When my 16-year-old stepson brought home a school-issued copy of Pride and Prejudice early in his sophomore year, I could barely control the superlatives that threatened to burst out of my mouth. “Best first line, ” “Favorite book ever, ” “Important perspective for changing women’s . . . “
“I can’t even understand what I’m reading, ” Nicholas told me.
“I’ll help you, ” I said. “It’s one of my favorite books.”
But try as I might to uphold Jane Austen’s masterpiece as a classic worth wrestling with, my son became despondent. When I printed out lists of characters and themes, he just shook his head. “I don’t understand it.”
I was shocked. How could someone not like Pride and Prejudice? I chalked it up to youthful ignorance and hoped he’d at least finish the book and pass the exam.
During finals week, Nicholas posted a Facebook link to Pride & Prejudice – Thug Notes Summary and Analysis, a YouTube video by a guy named Sparky Sweets, PhD, summarizing the book in modern youth slang. Dr. Sweets begins, “This book tells the story of Elizabeth Bennett and her fiiiine sisters. Now, Momma Bennett be trying to get them girls to strut their stuff in order to find some husbands.” (Editor’s note: Dr. Sweets’ language might be too much for some viewers.)
I felt a little woozy the first time I heard it. This? This is the only way for modern youth to understand Austen’s beloved work?
“Sorry Mom and Dad but this is for the good of the people, ” Nicholas posted with the link. “Don’t hate me.” He didn’t even mention me in the comment. He probably thought I wouldn’t survive it.
Thankfully, he did survive the first trimester of English. He did well, even, but not because of Jane Austen. Shakespeare saved the day, and Julius Caesar gave us a reason to celebrate.
A few weeks later, I was preparing to teach a workshop when I stumbled on another Jane Austen hater. America’s beloved Mark Twain, the “Dr. Sweets” spokesman-for-the-people of his own day, had a few harsh words of his own about Pride and Prejudice.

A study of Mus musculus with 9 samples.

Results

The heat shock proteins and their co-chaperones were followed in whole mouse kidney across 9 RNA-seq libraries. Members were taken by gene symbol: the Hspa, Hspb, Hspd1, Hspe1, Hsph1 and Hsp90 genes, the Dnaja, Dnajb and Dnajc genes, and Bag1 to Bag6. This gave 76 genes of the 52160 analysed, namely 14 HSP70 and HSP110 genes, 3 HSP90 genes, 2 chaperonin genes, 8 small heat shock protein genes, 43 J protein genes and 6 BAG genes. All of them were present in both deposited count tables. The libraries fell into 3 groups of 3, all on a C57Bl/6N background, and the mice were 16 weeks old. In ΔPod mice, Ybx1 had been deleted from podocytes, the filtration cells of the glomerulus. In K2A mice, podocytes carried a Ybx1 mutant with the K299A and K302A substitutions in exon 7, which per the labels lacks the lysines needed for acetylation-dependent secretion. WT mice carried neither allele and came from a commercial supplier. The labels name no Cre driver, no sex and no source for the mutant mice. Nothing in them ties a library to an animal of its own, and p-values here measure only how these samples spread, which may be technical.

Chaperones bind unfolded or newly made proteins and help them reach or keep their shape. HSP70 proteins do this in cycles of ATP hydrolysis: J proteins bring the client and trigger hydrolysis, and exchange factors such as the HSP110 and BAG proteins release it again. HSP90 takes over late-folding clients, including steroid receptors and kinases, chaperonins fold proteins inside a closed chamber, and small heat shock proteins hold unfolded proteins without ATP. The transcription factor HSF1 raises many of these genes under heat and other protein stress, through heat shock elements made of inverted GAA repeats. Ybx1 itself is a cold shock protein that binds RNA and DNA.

“I often want to criticise Jane Austen, but her books madden me so that I can’t conceal my frenzy from the reader; and therefore I have to stop every time I begin, ” Twain wrote in a letter to his close friend Joseph Twichell in 1898. “Everytime I read Pride and Prejudice I want to dig her up and beat her over the skull with her own shin bone.”
My stepson felt vindicated when I told him about Twain’s impression. “See!?!” Nicholas said, convinced that there must be no more than one or two Austen fans in the whole world. I wanted to convince him otherwise, but with someone like Mark Twain on his side, all persuasion would be useless.
It felt a little like trying to convince my father, who has never been nor likely ever will be a writer, that he wasn’t the target audience of the recent book I co-authored with Ann Kroeker, On Being a Writer. One afternoon, we were talking about the book. “I’ve read through part of chapter one, ”my dad told me over the phone, “and I have to tell you: it’s not riveting.”
“Well, I’m not exactly sure riveting was what we were going for, ” I responded.
“If I were a writer I’d probably love it, ” he said. “And there are a lot of writers out there.” I nodded, though he couldn’t see me.
“What you really need is to go viral, ” my dad coached. “Going viral will sell books.”
Jane Austen went viral—as viral as one could go in early nineteenth-century England—achieving more than a modicum of success even in her short life. Her true popularity, though, is proven by the virality she experiences generation after generation, even in twenty-first century America, including recent adaptations reaching a whole new segment of Austen fans: Emma and the Vampires of Wayne Josephon’s Jane Austen Undead Novels series and Sense and Sensibility and Sea Monsters by Ben Winters.
But going viral doesn’t mean everyone will appreciate the style or voice or language of a book—even one written by a universally recognized writer.
Just ask my son. Or maybe Mark Twain. If you dig him up, make sure to steal a shin bone, and save Jane Austen from his vexing prejudice.